Leamington worker’s idea prompts new signage in M&S changing rooms across the country


An idea from a member of staff at Leamington’s Marks and Spencer store has prompted a national team up with a breast cancer charity to help raise awareness.


Julie Reason, who has worked for M&S for 35 years and overseen many BraFits, suggested the idea after seeing five of her colleagues affected by breast cancer. Photo supplied

Julie Reason, a sales advisor at Leamington’s store, was one of 15 colleagues who submitted the idea for the signage as part of the retailer’s CEO suggestion scheme.

Julie, who has worked for M&S for 35 years and overseen many BraFits, suggested the idea after seeing five of her colleagues affected by breast cancer.

She was inspired by the success of the bowel cancer signage in M&S customer toilets.

Julie said: “When I suggested the idea, it was a no brainer.

Julie Reason, who works at the Leamington M&S store. Photo supplied

"Checking your breasts is something that you do not need a medical degree for and doesn’t take a long time to do.

"I’ve worked for M&S for 35 years and that means you get to know customers on a personal basis, some even will ask for you when they book to get fitted.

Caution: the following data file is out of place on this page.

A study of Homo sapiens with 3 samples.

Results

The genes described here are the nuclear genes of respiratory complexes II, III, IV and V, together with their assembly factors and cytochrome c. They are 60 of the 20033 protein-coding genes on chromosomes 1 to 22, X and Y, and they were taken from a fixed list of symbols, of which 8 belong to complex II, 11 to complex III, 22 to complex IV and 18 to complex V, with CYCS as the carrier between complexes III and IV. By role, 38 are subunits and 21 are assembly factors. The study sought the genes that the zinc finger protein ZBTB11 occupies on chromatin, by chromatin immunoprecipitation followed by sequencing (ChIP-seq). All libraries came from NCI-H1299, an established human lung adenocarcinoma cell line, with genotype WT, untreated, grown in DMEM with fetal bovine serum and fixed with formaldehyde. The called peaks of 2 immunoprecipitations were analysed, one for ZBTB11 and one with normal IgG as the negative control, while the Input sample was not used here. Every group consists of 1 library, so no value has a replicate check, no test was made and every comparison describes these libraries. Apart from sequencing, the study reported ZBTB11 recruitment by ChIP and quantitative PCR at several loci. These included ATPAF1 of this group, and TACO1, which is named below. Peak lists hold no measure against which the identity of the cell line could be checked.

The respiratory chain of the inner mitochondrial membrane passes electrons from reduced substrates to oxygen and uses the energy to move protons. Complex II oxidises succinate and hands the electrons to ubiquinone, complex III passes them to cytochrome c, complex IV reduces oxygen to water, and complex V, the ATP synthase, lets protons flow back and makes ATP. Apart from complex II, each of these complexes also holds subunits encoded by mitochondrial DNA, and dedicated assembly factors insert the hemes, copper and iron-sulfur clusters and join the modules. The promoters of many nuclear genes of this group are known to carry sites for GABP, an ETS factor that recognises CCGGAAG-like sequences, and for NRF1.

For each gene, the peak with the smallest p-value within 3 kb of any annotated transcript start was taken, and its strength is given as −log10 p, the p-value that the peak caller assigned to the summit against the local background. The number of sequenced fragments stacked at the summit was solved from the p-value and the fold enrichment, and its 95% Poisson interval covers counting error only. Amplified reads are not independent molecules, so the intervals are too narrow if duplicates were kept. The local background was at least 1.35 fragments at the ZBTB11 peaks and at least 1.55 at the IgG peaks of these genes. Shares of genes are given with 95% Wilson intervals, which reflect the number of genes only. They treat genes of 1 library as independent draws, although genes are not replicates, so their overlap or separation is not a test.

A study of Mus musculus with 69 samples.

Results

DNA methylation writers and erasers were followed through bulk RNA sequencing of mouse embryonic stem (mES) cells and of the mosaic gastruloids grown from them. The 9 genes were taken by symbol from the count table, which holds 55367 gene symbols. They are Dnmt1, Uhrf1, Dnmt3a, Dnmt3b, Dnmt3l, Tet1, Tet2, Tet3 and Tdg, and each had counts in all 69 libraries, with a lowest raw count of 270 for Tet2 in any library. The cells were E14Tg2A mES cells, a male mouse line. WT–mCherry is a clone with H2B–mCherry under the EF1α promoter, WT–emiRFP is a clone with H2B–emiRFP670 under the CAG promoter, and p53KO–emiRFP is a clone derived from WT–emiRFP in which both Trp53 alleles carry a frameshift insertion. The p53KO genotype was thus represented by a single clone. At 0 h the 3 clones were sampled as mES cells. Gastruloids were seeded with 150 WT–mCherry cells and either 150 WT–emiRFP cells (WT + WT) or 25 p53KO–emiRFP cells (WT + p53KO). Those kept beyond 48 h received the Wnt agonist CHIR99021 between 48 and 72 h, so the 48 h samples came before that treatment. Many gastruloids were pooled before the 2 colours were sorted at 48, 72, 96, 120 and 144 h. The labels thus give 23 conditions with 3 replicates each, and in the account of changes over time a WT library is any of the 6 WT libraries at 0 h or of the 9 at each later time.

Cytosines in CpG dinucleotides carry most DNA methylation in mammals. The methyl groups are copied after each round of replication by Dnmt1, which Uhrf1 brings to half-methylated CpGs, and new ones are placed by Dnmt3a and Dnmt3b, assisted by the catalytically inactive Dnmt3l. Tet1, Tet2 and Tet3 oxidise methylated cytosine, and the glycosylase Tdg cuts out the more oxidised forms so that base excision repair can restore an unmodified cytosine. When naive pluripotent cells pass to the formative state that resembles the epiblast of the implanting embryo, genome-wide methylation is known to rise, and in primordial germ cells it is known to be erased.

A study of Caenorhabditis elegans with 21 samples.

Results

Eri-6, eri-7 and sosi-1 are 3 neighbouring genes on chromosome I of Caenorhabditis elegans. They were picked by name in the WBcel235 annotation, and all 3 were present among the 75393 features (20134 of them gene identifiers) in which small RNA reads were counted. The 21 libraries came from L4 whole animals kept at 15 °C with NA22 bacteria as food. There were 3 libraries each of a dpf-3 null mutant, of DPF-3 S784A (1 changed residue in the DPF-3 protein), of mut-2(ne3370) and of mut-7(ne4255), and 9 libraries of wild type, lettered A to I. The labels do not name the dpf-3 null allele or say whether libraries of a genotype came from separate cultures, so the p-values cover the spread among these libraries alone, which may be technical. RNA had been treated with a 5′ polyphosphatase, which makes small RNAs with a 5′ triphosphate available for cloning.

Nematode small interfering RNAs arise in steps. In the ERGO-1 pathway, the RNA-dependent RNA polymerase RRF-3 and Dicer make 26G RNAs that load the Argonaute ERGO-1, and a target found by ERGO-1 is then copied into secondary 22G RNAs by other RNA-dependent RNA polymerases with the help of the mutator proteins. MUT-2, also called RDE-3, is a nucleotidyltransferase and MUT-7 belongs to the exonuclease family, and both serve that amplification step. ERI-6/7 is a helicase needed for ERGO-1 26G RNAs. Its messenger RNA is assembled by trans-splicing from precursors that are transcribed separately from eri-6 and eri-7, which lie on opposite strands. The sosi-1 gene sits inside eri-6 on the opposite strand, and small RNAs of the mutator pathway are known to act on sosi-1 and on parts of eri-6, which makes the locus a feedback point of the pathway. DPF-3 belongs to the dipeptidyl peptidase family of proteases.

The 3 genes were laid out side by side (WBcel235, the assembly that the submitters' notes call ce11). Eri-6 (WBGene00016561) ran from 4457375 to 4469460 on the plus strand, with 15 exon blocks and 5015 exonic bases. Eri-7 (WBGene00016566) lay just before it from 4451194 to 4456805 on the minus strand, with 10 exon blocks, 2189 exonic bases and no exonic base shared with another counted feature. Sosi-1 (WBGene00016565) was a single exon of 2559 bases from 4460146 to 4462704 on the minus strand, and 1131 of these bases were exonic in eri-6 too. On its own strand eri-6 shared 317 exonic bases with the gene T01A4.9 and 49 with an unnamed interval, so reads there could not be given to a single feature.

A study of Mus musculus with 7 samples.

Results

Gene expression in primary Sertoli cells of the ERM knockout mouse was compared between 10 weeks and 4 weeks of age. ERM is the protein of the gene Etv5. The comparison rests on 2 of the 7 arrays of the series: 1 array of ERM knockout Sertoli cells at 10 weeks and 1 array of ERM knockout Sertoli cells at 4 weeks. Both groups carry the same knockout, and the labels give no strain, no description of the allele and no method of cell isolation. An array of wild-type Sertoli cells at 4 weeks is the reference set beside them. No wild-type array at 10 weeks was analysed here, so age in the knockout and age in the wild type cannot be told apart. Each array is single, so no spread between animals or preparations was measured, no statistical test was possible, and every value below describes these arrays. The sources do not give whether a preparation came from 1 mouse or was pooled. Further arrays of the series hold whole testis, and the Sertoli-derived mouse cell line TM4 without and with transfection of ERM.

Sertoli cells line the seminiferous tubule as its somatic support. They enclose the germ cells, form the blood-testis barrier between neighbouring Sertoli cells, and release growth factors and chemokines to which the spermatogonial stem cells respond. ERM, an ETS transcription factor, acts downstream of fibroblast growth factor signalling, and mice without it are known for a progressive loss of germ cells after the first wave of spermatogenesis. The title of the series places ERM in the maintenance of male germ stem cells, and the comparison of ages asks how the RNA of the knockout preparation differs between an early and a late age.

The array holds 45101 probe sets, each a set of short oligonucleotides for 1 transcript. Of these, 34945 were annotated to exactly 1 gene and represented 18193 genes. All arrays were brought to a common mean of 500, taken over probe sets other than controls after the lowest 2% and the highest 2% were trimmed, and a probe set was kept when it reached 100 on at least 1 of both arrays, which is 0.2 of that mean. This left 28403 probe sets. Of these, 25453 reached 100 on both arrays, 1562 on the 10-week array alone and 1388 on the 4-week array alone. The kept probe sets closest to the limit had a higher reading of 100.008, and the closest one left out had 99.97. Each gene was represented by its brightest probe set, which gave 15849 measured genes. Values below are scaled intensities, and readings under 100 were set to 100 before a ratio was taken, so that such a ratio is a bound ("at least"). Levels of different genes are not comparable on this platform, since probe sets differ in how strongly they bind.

"M&S is such a trusted brand, it seems only right that we make customers aware of small things they can do that can save lives.

"I was delighted when I found out the scheme was going to be rolled out nationwide. It’s great to know that this initiative could plant a seed in one person’s head and potentially save lives.”


"By arming millions of people across the UK with this health information, we’ll help ensure more people who have breast cancer get diagnosed sooner, so they have a better chance of successful treatment.

"A huge thank you to the M&S colleagues who submitted this idea to Stuart and to M&S for launching this vital campaign.”